My Historical P A K I S T A N.
Omar Hayat Mahal (Urdu: عمر حیات محل) is a 19th century wooden architectural wonder of Chiniot, a tehsil of Jhang District in Pakistan. It is also known as Gulzar Manzil.
Omar Hayat Palace is a five story building which stands in the heart of the city. Two upper stories were removed in 1993 due to heavy rainfall and storms which may have affected the adjoining buildings. It is a great tourist attraction for both local and foreign visitors.
Members of the Shaikh family migrated from Calcutta to Chiniot around the 18th or 19th century. Sheikh Omar Hayat who was a successful trader born in a middle class family. He decided to construct a magnificent palace for his newborn son in 1923.
Syed Hassan Shah was assigned the task of palace’s construction. He gathered many famous artisans from different places who continued working day and night for 10 ten years. Rahim Bakhsh Pirjha and Elahi Bakhsh Pirjha who were masters in manabat kari did wood carving. Gazeteer Vol XXXII, Jhang district 1929 states, "The house built by Sheikh Omar Hayat is a sort of local wonder, as it cost more than Rs 200,000 to make and rises high above all other buildings of area". The construction of the palace completed in 1935 and Mr. Hayat expired in same year just a couple of months before its completion.
History claims that Mr. Hayat’s only son Gulzar Muhammad’s marriage in 1938 brought an ironic twist of fate in the shape of death. He (Gulzar) was found dead in the palace the very next day of his marriage. The news of son’s death lofted loads of grief on mother who died remembering him. Both the mother and the son were buried in the courtyard of the ground floor of the palace.
Mr. Hayat’s relatives left the palace thinking it as a subject to bad luck for sheikh family, while servants continued living for a couple of years and then parted from it. An orphanage was established by some religious leaders and then it was evacuated when its top story collapsed. Next came the Qabza groups who got shops and houses constructed on the piece of land lying next to it.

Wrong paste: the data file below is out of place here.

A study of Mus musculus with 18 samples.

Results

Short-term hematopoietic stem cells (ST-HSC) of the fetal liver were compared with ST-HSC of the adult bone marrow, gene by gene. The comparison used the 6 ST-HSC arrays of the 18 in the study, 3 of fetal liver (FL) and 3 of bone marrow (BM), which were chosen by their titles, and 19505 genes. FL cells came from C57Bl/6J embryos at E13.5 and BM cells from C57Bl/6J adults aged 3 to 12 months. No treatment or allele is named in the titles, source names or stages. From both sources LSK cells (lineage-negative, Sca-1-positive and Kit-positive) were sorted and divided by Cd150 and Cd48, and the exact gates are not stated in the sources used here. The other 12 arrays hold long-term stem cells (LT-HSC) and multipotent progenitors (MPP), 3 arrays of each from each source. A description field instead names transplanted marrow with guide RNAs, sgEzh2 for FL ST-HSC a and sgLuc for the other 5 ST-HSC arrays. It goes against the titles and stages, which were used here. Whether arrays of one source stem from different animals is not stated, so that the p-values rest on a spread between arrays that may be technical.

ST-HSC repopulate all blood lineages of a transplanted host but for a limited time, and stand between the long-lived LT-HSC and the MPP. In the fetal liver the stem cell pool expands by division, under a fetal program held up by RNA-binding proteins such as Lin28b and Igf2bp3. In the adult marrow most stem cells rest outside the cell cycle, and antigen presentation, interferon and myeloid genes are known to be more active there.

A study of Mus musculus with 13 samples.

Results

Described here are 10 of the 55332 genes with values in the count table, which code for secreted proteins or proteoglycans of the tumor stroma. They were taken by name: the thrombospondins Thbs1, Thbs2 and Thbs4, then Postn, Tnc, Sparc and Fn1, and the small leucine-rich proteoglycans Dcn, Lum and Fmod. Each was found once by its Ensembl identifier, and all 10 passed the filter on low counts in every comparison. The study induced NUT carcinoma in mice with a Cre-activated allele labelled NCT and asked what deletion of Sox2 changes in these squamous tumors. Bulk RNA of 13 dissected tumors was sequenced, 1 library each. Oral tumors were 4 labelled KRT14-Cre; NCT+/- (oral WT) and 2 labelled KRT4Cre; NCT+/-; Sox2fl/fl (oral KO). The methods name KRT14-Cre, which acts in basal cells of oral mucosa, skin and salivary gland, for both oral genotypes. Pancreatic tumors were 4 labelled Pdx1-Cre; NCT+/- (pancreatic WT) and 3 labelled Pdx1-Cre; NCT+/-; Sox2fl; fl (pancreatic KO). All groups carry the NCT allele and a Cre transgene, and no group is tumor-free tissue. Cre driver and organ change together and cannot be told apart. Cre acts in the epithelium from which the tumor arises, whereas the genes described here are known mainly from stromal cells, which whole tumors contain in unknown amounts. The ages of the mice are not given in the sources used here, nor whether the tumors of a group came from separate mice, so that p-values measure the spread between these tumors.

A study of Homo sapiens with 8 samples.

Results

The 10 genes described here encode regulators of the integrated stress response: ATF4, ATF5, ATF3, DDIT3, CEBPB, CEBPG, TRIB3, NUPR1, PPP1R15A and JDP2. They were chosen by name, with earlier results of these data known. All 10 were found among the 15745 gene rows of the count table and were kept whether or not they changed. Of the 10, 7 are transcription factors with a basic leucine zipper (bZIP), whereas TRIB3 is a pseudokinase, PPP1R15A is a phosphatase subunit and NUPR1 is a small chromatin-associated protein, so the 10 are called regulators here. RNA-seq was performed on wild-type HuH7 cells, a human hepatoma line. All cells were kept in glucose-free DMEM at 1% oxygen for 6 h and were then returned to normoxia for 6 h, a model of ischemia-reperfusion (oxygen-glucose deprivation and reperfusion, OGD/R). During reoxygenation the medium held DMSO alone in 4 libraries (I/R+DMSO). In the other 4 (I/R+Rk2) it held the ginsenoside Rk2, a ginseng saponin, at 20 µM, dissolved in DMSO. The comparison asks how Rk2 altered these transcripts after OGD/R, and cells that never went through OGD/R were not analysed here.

The palace’s building is perhaps the last of Mughal’s architectural style, or a Mughal Revival building ("revival" buildings are interpretations of an old architectural style by people of a later era). Unique carving cuts on the doors, windows and jhirokas reflect a colour of their own. The roofs, balconies, stairways, terrace and the stucco designs make a perfect interior. The facade of the building is decorated with a fine inlay of bricks, the dazzling shine of marble and picturesque shades help it rank among the great palaces of Mughal era landlords.
Later on this placed was occupied by Qabza mafia who destroyed most of the building However seeing death of its glory in 1989, Athar Tahir, the then deputy commissioner of Jhang, took the palace into his custody. He removed the encroachments and started its renovation with an expenditure of Rs. 1,700,000.
It was handed over to local municipal committee and a library, cultural centre and a museum were new additions which regained some vigour. A rare collection of thousands of books and subscription for seven dailies was introduced to learners and it was publicly opened the then Punjab Governor, Mian Azhar.
In Year 1997 the municipal committee refused to bear the expenses of the latest achievements and terminated the subscription of newspapers and other reading material.
It was later handed over to auqaf department in year 1998 which also failed to improve its condition. The situation is getting worse by day. The library has been closed while the reading room is standing without its assets. It was only in 1989 when the building was last looked worth renovation.
At present the palace is very much out of sorts. Its walls have developed cracks rainy water pours in. The woodwork has lost colour. If the situation does not soon be handled in good manner, days are not far when the city will lose one of its historical monuments.